On the surface that might seem like some kind of sick, cynical joke--but only if you've never actually been to Wisconsin or never actually known a Wisconsinite. We Wisconsin folk are, in fact, are the true heirs of the SPIRIT of St. Valentine, not some fromage-swilling, knee-breech wearing, bewigged European aristocrats. No, our love is the pure love of chaste devotion rather than decadant sensuality--a love as honest, callow and enduring as the heartland fields of corn whose bounty forms the pith and marrow of our very bones. Some may accuse us of being naive and inexperienced hayseeds, but this we take as the highest compliment: it is only the birthright of the Most Typical Americans of All.
For my money, it all began with Doris Day in the late '40's.
Yeah, Doris was great, maybe even the best of the lot. She never once bucked a trend or challenged the status quo. But tragedy haunted her, too. Sadly Doris Day died in 1968 leading a squad of marines against a Viet Cong outpost, a tour of duty bravely undertaken to publicly rebuke the cowardice of Cassius Clay's anti-draft ravings. If only all-American leading man Rock Hudson had proposed to her in real life as he had so many times in film, he might have kept her down on the farm and she might still be with us today.
The next 2 decades were a mixed-up, confusing time in American culture, marked by radical change in everything from hairstyles to hemlengths to heroine doses. We seemingly couldn't make up our minds about what we were looking for in an "ideal woman". Schizophrenically cycling between the edgy subliminal threat of the ambiguous Dianna Ross and the more reassuring gingam-tinged appeal of Karen Carpenter, a vast canyon-like chasm seemed to have opened in our collective romantic imagination, one that no single woman seemed capable of completely filling. These I call "America's Lost Years".
|Dianna Ross Karen Carpenter|
But even more than that, Madonna seemed to have a deep, innate understanding of the divided character of the American soul and flawlessly combined in one stunningly attractive paradox the virtues of amoral shark-like ethic of rabid self-promoting capitalism and the familiar and homely comforts of our obsession with crypto-Nordic blondeness. Madonna made us feel ourselves again, a tidy and organic whole, untroubled by socialistic notions of income equity, morality in foreign policy or even plain common sense. She was a perfect counterpoint to the politics of Ronald "Uncle Dutch" Reagan.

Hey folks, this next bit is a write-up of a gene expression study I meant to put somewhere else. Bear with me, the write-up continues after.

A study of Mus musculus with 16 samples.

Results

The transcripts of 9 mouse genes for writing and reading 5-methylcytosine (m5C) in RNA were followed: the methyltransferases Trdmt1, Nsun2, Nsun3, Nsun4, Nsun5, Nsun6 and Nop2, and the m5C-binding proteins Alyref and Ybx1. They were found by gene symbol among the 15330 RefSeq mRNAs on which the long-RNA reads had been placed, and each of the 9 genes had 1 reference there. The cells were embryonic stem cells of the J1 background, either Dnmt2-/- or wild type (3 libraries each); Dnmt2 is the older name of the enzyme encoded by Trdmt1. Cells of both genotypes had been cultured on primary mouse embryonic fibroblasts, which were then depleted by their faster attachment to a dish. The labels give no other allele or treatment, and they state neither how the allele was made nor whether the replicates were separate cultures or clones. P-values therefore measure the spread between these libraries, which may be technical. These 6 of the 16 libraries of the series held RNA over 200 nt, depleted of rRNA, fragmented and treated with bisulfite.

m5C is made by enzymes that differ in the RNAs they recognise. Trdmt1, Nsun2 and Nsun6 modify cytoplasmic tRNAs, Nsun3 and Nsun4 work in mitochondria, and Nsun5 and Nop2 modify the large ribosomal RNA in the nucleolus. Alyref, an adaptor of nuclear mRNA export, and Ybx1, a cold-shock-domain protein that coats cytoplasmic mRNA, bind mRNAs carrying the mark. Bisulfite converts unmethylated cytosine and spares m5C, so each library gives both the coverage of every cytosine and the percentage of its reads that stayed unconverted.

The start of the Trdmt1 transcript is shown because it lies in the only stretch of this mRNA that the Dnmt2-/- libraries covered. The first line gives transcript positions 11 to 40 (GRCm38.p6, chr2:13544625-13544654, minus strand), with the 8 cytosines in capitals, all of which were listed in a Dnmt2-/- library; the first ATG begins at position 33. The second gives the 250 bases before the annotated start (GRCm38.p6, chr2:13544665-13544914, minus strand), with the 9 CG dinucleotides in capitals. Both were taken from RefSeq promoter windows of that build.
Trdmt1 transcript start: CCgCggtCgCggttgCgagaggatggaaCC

Alas, even the reign of fair Madonna must come to an end, just as "Summer's lease hath all too short a date" within Shakespeare's famous Sonnet #18. She died as the First Lady of Argentina, in the arms of her ruthless caudillo husband in 1996, after a bout of pneumonia brought on by standing out all night in a cold driving rain feeding her devoted peasants at a local soup kitchen.
But if Madonna was gone, she was hardly forgotten. Her un-self-conscious worship of Mammon reminded America what our nation has always been about deep at heart: the amoral pursuit of material gain. Her legacy guided us through some lonely times, with the help of the new-fangled VCR, remained firmly on our retinas and in our minds as well. It wasn't long until our next female love fetish, our next Beatrice Portinari, if you will, appeared: that Louisiana lovely, Britney Spears.
But while Britney's classic Southern-belle appeal seemed to perfectly coincide with the tsunami-like resurgent fortunes of a Dixie-dominated Republican party, led by Connecticut-born Texas cowboy George W. Bush, nothing good lasts forever. Euridice-like, Britney died in 2008 of septicemia after trolling barefoot through the lavatory waste and spent heroine needles covering a petrol station's restroom floor.
Britney angel being taken from us too soon, America went through kind of a tail spin in 2008. Feeling mired in a decades-deep rut littered by two seemingly endless wars, scores of foreign policy failures and a collapsed economy, we just couldn't continue to ignore reality any longer without the aid of some distracting gris-gris or love idol, America was just plain desperate. Shit, we even contemplated Hillary Clinton at one point. Sunk in our grief and national trauma, we leapt at the first voice that seemed to promise us change--something, anything different. So we tried something really new and gave Barack Obama a go.
|America's last little darling, Ms. Barack Obama|
But now . . . Now I don't know. After the first couple of dates, things are starting to seem a little funny, a little suspicious. Like maybe America hadn't gotten quite what it asked for back in 2008 when we met Barack outside the Chi-Town VD clinc. She began acting differently: smoking, starting fights, talking like the trashy girls we used to go "hogging" with to fraternity keggers during the 1980's. To tell the truth, some of her friends seem a little shifty, too. Don't like 'em, don't trust 'em.
Oh yeah, and let's not forget that night in December. We took her out to a fancy DC bistro and she left with some other dude--and stiffed us with a $900 billion check to boot.
Not that we regret the experiment, but let's face facts: the bloom is off the rose here. Time to move on. But where to? Who will be America's next little cupcake?